BOOK REVIEW: The Busy Parent’s Guide to Managing Anger in Children and Teens — The Parental Intelligence Way, Laurie Hollman, PhD

Reading Time: 2 minutes

Children have an uncanny ability to know just when it’s most inconvenient to dig in their heels or defiantly lash out. And busy parents, harried by work schedules and responsibilities, are pressured to respond in ways that may only escalate the problem. So what can a parent do to more sympathetically and effectively help the child get past the outburst?

In her new book, The Busy Parent’s Guide to Managing Anger in Children and Teens — The Parental Intelligence Way, Laurie Hollman, a practicing psychotherapist, reveals a 5-step process for handling children’s unbridled anger. It empowers parents to manage the behavior and help their children learn better ways (and moments) for expressing angry emotions.

The steps in the Parental Intelligence process provide a structure to ensure that parents pause instead of lash out and consider what may be the cause of the child’s explosive episode. It coaches parents to withhold their judgment and calmly offer themselves as a sounding board and emphatic ear so that the child sees them as an advocate and will more readily confide in them.

Chapters in this booklet-sized book address the most common anger issues and share scenarios that give examples for applying the 5-step process. Useful tips for managing the specific anger problem follow at the end of each chapter.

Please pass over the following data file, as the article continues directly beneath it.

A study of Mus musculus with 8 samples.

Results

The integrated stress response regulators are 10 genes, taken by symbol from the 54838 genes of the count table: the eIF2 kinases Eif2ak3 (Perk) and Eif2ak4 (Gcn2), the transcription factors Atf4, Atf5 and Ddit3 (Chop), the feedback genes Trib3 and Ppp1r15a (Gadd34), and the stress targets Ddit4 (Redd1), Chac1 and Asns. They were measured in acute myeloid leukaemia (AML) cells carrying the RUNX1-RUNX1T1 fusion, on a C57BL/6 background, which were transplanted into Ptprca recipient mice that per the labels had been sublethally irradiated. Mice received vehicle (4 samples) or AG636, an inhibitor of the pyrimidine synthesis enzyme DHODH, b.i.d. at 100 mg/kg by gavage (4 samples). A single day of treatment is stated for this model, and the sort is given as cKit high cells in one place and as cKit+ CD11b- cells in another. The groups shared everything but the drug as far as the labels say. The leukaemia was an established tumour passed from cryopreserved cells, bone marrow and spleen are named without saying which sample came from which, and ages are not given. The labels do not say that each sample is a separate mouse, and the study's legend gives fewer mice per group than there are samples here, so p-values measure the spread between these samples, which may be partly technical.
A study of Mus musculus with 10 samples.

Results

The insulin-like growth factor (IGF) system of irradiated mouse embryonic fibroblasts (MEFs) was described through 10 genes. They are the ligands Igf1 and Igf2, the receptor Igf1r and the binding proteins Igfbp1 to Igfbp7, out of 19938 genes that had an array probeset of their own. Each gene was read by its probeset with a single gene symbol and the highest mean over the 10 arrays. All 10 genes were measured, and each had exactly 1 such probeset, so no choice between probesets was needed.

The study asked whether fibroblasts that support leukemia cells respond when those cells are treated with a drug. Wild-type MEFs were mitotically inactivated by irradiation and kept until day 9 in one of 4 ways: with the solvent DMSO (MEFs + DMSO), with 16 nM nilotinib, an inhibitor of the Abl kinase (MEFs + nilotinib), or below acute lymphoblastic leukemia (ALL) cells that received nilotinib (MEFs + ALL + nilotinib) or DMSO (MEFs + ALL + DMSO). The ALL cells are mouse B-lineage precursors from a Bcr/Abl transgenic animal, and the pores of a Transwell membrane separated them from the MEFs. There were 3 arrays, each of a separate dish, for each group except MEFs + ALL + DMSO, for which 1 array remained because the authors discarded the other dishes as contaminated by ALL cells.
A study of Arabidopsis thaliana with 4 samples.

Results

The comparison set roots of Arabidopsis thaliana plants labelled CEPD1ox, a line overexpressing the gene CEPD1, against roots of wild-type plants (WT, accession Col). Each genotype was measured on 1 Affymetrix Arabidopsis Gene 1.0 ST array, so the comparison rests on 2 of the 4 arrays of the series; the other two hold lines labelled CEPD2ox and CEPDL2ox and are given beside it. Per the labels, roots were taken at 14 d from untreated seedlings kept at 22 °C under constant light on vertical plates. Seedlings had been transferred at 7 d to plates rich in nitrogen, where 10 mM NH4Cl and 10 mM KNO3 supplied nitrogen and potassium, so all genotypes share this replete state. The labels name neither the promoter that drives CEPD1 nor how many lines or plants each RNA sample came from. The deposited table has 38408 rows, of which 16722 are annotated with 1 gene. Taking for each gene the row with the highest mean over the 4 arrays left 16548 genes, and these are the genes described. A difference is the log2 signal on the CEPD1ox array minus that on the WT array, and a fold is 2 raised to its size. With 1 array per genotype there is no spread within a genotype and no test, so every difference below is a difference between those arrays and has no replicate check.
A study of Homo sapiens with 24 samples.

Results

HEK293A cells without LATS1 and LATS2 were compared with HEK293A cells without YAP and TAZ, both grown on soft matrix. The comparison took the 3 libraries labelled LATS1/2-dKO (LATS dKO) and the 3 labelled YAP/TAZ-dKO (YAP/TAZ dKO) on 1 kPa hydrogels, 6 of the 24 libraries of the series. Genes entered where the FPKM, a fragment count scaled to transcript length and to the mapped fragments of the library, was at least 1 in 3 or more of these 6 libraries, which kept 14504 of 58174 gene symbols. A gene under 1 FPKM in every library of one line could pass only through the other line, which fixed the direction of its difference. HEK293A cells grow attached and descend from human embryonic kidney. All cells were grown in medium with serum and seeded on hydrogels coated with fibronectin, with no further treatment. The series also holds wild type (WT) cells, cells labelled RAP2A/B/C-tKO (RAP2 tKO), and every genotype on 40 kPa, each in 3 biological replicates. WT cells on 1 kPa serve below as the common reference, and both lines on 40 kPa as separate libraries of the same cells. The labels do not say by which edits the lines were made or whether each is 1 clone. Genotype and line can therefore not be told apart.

In particular, Hollman points out that uncontrolled anger can be extremely frightening to the child and teen experiencing it. She encourages parents to maintain an appearance of calm — even though they may be rattled — to assure the child that the anger doesn’t alarm them. Children can recover from their distress and share their feelings if they see that the emotions don’t frighten their parents, and, in fact, that the parents are willing to listen sympathetically and nonjudgmentally to the problem.

Of course, any alarm, dismissal or returned anger by the parent will exacerbate the problem and even drive the child’s anger underground where it can resurface as an more challenging condition.

Ultimately, parents want to model and share healthy ways of expressing anger. Teaching young children “feeling language,” that enables the child to name the emotion and express it through words rather than physical actions, is an important first step.

Hollman’s Parental Intelligence method and down-to-earth advice for dealing with everything from children’s temper tantrums to teens’ defiance will empower parents to quickly and effectively resolve situations that give rise to overwhelming anger. Responding in a supportive, empathetic way lets children know that parents are in their court. They can turn to their parents as problem solvers — not shamers or blamers.

The result, Hollman stresses, will be a trusting, open and caring relationship between parent and child where both can discuss and create more appropriate ways for coping with anger.

The Busy Parent’s Guide to Managing Anger in Children and Teens — The Parental Intelligence Way is one in Hollman’s series of Busy Parent’s Guides. She has also published a guide to managing anxiety using Parental Intelligence.

To learn more, visit  lauriehollmanphd.com.

All opinions expressed on USDR are those of the author and not necessarily those of US Daily Review.